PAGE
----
Standhardinger credits teammates for strong showing
Barangay Ginebra forward Christian Standhardinger’s recent success doesn’t merely stem from picking up the slack for absent big man Japeth Aguilar. It also comes from finding own niche in a club peppered with talents like Justin Brownlee, Scottie Thompson and Jamie Malonzo.
“I’m happy with my conference so far,” he told the Inquirer recently. “Obviously, you try to step it up, especially with Japeth out (with a knee injury). But basketball is a team sport. You never make it about yourself—or what you do—because you have great teammates around you.”
That willingness to step up and still stay within the team’s playbook has caused a resurgence in the high-motor big man, who is on track to win the PBA Governors’ Cup Best Player of the Conference trophy.
Standhardinger has been averaging 23.5 points, 10.4 rebounds, and 5.8 assists this conference, numbers that, when put together, account for a bulk of his 44.2 statistical points in the race for the award—six points ahead of his closest pursuer, San Miguel Beer’s CJ Perez.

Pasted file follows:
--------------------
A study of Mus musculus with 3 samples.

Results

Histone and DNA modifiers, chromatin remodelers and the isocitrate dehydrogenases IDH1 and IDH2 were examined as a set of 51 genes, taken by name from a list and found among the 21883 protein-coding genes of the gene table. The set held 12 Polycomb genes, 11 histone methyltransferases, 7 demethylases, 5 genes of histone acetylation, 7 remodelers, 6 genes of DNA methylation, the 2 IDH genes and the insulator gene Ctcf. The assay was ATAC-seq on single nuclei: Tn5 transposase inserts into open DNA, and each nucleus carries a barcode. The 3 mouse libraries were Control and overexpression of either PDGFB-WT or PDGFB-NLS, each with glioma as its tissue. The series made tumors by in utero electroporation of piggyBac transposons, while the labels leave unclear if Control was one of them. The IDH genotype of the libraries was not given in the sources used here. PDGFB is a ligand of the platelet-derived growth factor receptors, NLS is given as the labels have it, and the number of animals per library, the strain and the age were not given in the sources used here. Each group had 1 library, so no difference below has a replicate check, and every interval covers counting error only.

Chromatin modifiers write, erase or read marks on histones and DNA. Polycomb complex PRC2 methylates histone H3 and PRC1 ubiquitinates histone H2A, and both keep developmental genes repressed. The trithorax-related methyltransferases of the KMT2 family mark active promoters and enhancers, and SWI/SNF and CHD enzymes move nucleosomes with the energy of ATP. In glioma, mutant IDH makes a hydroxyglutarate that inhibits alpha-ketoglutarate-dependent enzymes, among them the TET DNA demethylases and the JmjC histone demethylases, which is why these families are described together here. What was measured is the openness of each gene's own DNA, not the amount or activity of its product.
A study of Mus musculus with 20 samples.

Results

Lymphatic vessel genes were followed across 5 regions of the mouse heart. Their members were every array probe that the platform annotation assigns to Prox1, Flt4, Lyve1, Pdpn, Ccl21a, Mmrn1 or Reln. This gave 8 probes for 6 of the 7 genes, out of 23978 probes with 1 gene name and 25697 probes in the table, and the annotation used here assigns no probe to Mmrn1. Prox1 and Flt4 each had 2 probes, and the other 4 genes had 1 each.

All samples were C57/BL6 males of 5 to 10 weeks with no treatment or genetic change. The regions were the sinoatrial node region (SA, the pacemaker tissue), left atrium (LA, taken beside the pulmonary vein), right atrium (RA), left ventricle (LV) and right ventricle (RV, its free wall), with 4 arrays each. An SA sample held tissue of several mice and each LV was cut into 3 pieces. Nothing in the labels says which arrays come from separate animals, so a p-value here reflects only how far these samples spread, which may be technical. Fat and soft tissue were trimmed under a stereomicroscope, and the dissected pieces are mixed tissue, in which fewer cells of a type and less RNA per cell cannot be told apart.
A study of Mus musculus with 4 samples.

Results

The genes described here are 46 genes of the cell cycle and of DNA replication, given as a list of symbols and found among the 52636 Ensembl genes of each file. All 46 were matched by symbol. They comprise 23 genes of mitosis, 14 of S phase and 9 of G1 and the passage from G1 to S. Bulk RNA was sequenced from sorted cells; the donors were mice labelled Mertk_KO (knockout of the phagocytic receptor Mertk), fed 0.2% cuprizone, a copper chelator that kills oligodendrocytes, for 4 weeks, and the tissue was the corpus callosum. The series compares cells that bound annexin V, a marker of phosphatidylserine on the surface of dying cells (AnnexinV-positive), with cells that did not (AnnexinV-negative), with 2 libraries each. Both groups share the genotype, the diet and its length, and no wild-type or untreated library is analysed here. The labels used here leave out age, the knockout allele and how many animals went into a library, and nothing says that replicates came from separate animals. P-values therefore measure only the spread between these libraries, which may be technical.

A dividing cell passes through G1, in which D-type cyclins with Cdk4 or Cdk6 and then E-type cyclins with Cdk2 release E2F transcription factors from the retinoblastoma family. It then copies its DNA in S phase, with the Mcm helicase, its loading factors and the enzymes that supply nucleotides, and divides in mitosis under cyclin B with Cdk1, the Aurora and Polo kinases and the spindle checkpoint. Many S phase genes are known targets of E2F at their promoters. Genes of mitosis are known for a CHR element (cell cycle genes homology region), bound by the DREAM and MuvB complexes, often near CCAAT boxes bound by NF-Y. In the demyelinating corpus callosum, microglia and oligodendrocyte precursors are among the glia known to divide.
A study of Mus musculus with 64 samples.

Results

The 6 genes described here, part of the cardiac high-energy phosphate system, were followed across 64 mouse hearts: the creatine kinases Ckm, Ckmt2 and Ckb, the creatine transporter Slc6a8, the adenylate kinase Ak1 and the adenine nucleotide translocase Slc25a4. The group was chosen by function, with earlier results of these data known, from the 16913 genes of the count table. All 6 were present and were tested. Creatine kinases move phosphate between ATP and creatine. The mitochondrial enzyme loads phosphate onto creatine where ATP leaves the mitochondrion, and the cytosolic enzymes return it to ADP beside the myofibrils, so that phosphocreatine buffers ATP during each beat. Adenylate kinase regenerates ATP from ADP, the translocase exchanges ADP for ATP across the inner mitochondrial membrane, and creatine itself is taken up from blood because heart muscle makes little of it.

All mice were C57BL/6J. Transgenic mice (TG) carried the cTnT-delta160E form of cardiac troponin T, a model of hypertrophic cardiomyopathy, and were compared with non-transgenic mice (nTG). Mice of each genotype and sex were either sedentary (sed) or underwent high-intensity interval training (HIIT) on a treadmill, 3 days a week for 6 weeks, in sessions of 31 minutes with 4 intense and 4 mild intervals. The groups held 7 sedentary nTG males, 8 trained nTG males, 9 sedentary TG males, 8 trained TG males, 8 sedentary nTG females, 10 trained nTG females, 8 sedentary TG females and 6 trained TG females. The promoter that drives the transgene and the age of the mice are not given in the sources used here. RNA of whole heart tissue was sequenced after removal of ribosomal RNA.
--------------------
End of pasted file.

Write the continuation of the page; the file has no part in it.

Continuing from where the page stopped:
But despite nearly doubling his scoring average from the Commissioner’s Cup, Standhardinger hasn’t really been forcing the issue and instead gets his coring cues from his teammates.
“I think it’s very important, that you always—as a professional basketball player—have a great relationship with your teammates. If your guys are cohesive, don’t forget why you get into those right places and [can] score a high percentage of field goals,” he said.
While Standhardinger admitted that his stellar showing this tournament has been largely due to Aguilar’s absence and the openings his teammates create, there is a lot to be said about the kind of work he puts into his game.
“It took a lot, to be honest with you. I think when I played in NorthPort and also when I got traded to Ginebra, my knees were really at the end of the road. I thought,” said Standharginer, who started playing organized hoops at 12.
“But then I found ways—exercises and stretching methods that turn back the clock a little bit,” he added. “I can now move in a way that I was not able to for three years now. I figured it out a little bit—to still contain my cartilage in my knees and everything and I’m just happy to have great teammates … and that we are a very cohesive unit that plays for each other.”